Romanian Minister Plans to Allow Bear Hunts

The Romanian environment minister said that despite a ban in 2016, she is determined to permit the hunting of dangerous bears and wolves after a rising number of attacks in populated areas.

Ana Maria Touma
BIRN
Bucharest
A Romanian brown bear. Photo: www.wwf.ro

Romania’s Environment Minister Gratiela Gavrilescu announced on Tuesday that she is to issue a special order this week that would allow the killing of bears and wolves deemed dangerous, despite opposition from activists.

The move comes a year after Romania banned the trophy hunting of all brown bears, wolves, lynx and wildcats, following mounting opposition to the practice which had surged in recent years.

The order published on the environment ministry website allows authorities to permit the hunting and killing of a maximum of 140 bears and 79 wolves in the country until the end of 2017.

They can be hunted down if they are deemed dangerous to people or have damaged property or livestock, and only if there is no other solution.

“The number of large carnivores, bears especially, exceeds 7,000 in Romania, and that’s why I had the courage to take responsibility to sign a ministerial order that was very well negotiated with NGOs and all the local authorities that have encountered problems with these large carnivores,” Gavrilescu said.

“It doesn’t matter who is going to protest in front of the ministry,” she added.

Romanian authorities have reported scores of people wounded by bears in search of food over the past two years.

Most cases occur in mountainous areas in Harghita, Mures, Covasna and Brasov counties in south-eastern Transylvania.

On July 20, the environment ministry organised what turned out to be a heated debate on the proposed relaxation of the ban with stakeholders, including local administration representatives, hunters’ associations, and environmental organizations.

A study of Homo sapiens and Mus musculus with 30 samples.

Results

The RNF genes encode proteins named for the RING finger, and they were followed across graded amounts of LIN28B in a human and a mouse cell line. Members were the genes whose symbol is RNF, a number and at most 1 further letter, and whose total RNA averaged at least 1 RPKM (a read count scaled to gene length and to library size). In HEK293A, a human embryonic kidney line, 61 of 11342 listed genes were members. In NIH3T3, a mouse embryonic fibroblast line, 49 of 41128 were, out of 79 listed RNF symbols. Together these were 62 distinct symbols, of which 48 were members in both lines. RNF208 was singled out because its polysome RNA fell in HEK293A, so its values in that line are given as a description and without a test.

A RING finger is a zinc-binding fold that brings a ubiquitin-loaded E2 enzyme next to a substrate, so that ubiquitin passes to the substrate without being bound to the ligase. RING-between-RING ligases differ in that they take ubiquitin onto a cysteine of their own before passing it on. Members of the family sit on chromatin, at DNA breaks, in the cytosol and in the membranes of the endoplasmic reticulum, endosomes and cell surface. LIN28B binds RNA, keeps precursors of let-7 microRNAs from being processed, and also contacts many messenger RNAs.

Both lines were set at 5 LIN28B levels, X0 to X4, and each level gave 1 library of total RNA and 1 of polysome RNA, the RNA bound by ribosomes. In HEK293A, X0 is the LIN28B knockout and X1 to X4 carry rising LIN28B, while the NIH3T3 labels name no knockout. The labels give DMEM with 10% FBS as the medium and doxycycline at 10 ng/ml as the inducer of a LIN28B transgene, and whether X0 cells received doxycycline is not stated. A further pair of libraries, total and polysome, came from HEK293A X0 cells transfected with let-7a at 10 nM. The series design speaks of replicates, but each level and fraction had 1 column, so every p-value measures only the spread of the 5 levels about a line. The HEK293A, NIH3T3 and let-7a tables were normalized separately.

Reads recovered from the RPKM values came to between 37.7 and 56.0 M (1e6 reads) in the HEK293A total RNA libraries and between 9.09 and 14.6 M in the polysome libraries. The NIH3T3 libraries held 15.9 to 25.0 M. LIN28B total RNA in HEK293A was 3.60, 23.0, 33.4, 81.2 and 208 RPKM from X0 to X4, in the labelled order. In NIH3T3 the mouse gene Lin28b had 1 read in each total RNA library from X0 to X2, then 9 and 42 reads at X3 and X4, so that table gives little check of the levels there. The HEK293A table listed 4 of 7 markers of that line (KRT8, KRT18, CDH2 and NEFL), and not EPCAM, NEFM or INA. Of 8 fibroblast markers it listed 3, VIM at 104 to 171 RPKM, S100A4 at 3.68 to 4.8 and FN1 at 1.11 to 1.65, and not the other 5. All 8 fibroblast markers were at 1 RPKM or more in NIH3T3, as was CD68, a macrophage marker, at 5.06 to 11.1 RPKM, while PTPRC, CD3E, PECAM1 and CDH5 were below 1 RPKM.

According to the minutes published on the ministry’s website, local authorities from the affected counties strongly advocated that the move be approved.

However, wildlife organisations say that the document provides a vague definition of what a dangerous situation might be, which be subject to interpretation and even allow trophy hunting.

Several NGOs present at the debate also advocated the relocation of bears from overpopulated areas to other EU countries, but the authorities said the cost is too high.

The Carpathian Mountains are home to the largest population of bears and wolves in Europe. But since the country joined the European Union in 2007, a multi-million dollar hunting industry has developed in the country, with specialist agencies charging hunters as much as 10,000 euros per trip.

The 2016 ban angered hunters, but also farmers who were left without any means to defend their property from stray bears in search of food.

According to WWF Romania, which has a special programme for the protection of large carnivores and their habitat, the minister’s order is just a compromise solution that will only work for a short period of time.

The country needs an urgent integrated strategy to deal with bear and wolf populations, WWF Romania said in a statement.

It pointed out that authorities also need a scientific method to count the animals and that the current number might have been exaggerated.

It said that it has proved since 2014 that in certain areas of central and eastern part of Romania the bear population appears to grow four times faster than anywhere else in the world.

In south-western Romania, managers of the hunting units themselves have admitted that some bears might be counted several times as they move across the territory.